Fillings | Bonding | Sealants | Non-Surgical Gum Treatments | X-Rays


Fillings are done to remove decay and replace the affected tooth structure. They are called fillings because a new material fills the hole that decay left. These days most teeth are treated with bonded tooth- colored composite fillings. Caught early enough, cavities can be treated easily and painlessly. If not treated, decay can lead tooth pain and/or infection, and the affected tooth may require root canal treatment or an extraction.


Bonding involves adhering composite material matched to the color of the tooth to the front of the tooth. This is done to repair damage done to the tooth by decay, to alter the alignment of the tooth, close gaps, or for cosmetic purposes. Teeth may be whitened drastically or slightly with bonding depending on the patient’s desires.


These are used to fill in narrow groves in a tooth that cannot be adequately cleaned by brushing. In some cases, the tooth structure has fine grooves or pits which accumulate plaque, not because of poor brushing, but because the bristles of the toothbrush cannot reach inside these areas. Cavities may develop over time. A clear coating is brushed on the tooth to seal these areas and prevent decay. Sealants are recommended for both children and adults. Many insurance plans will cover them for children.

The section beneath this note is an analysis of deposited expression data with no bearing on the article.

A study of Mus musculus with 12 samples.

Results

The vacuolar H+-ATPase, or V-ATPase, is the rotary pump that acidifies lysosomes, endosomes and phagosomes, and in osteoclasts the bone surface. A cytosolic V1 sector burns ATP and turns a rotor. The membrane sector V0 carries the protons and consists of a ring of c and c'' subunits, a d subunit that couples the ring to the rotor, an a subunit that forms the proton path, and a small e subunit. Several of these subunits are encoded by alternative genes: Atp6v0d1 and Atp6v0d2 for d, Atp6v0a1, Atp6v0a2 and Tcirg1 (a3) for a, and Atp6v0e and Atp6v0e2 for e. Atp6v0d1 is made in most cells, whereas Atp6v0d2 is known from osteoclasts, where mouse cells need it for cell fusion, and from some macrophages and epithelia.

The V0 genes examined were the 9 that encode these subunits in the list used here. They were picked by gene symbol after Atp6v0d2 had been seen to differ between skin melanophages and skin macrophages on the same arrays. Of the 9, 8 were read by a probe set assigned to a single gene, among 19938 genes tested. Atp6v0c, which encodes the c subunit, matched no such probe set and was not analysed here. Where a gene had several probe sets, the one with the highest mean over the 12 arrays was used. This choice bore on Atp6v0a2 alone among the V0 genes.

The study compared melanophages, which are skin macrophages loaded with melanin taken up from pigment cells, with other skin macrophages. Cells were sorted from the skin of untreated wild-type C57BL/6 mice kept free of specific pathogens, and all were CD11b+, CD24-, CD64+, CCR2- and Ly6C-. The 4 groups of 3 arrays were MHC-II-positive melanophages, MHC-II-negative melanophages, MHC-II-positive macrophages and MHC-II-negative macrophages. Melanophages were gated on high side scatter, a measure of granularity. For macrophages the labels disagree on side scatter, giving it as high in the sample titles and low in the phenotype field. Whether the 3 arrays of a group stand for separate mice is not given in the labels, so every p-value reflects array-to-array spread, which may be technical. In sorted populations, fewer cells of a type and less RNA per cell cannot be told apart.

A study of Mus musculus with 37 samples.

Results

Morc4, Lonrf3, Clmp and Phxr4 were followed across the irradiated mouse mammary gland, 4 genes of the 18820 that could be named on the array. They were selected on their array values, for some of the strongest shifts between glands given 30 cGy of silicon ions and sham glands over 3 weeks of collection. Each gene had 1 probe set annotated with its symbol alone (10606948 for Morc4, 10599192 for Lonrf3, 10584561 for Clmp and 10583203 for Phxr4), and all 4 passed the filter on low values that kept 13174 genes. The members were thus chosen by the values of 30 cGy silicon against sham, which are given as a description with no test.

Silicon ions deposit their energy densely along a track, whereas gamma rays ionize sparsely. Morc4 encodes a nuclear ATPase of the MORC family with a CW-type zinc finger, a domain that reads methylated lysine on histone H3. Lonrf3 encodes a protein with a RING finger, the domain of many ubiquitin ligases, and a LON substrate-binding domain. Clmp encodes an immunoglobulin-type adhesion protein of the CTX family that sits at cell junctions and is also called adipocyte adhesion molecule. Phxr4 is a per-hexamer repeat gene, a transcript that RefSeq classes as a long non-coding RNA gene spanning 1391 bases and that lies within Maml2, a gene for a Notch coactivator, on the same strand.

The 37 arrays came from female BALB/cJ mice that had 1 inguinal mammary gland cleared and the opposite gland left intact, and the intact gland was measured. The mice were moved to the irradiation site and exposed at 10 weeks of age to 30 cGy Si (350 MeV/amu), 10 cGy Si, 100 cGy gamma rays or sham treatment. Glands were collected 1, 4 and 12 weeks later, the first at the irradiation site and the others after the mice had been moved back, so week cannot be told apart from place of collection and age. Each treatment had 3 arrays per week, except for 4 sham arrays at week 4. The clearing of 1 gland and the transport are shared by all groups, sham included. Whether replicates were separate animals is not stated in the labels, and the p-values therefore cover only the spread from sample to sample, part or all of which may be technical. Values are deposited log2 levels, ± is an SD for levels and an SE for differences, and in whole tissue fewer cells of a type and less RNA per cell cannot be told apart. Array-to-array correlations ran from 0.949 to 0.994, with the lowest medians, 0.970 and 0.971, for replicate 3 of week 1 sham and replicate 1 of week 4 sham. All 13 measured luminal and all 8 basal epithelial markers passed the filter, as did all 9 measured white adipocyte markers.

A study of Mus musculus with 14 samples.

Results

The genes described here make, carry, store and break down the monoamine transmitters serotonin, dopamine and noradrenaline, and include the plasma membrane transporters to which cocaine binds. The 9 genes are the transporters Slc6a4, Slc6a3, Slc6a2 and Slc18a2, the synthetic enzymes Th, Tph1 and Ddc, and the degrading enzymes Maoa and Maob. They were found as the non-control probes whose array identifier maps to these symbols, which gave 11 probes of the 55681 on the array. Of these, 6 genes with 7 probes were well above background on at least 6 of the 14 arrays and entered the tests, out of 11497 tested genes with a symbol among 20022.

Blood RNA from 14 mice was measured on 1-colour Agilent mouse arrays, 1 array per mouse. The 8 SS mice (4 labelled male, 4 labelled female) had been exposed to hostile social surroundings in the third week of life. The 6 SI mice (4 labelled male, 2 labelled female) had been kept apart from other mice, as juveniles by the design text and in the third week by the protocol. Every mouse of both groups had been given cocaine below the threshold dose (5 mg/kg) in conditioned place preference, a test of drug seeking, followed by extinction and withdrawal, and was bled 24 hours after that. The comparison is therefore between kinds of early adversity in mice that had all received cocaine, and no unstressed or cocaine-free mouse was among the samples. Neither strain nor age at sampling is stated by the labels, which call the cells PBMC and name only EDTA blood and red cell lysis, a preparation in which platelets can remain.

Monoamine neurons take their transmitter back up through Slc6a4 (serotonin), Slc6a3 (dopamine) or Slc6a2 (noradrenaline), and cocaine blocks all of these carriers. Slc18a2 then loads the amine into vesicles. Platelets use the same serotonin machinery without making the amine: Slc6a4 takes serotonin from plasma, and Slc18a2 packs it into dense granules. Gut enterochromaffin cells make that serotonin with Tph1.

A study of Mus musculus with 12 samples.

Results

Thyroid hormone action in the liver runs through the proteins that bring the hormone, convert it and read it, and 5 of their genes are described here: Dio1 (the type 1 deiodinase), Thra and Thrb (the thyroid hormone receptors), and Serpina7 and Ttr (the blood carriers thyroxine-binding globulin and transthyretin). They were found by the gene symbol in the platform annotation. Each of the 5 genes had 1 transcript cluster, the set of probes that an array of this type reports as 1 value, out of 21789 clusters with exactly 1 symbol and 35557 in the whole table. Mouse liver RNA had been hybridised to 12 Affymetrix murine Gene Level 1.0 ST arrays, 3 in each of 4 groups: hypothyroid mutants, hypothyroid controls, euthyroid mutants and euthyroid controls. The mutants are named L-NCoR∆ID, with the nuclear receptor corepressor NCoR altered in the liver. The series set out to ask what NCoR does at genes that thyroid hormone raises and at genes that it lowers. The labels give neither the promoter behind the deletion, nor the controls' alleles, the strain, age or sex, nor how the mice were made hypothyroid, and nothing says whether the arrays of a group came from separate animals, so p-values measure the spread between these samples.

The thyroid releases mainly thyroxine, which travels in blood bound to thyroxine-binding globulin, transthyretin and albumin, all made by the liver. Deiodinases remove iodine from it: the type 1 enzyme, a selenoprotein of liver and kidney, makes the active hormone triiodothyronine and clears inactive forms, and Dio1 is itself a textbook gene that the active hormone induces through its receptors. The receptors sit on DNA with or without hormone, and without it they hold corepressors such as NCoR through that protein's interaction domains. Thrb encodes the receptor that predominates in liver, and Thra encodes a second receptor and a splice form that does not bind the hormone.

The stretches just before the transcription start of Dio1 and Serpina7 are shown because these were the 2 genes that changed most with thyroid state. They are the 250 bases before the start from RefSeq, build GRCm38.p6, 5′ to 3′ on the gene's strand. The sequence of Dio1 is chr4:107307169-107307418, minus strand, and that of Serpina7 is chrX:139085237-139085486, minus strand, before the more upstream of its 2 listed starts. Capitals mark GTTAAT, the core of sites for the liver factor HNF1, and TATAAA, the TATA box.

The gums, ligaments, and bone around the teeth form the foundation of the tooth. All structures are referred to as the periodontium. When the periodontium is not healthy, it jeopardizes the teeth, just as a bad foundation would threaten the stability of a house. Signs of unhealthy gums may be as follows: gums that are red and bleed easily, persistent bad breath, gums that are pulled away from the tooth, loose teeth, and changes in the position or bite of the teeth. Any of these signs may indicate that treatment is needed. With proper care, done early, it may be possible to return the gums and teeth to a healthy state. Treatment usually involves a deep cleaning or root planing sometimes using local antibiotic agents. In severe cases, extractions may be required, or referral to a gum specialist (periodontist) for further care.


This is a focused beam of particles through bone which produces an image on special film, showing the structure through which it passed. This gives the familiar black and white images dentists use to diagnose problems. X-rays are a necessary part of the diagnostic process. An x-ray of the whole tooth, supporting bone and gum tissues is required to properly diagnose infection or decay.

In our office we use digital radiography, which allows us to take x-rays using 50 to 70% less radiation versus conventional x-rays. Along with computer monitoring, digital x-ray technology allows us to enhance the images on the screen for more accurate diagnoses of dental problems.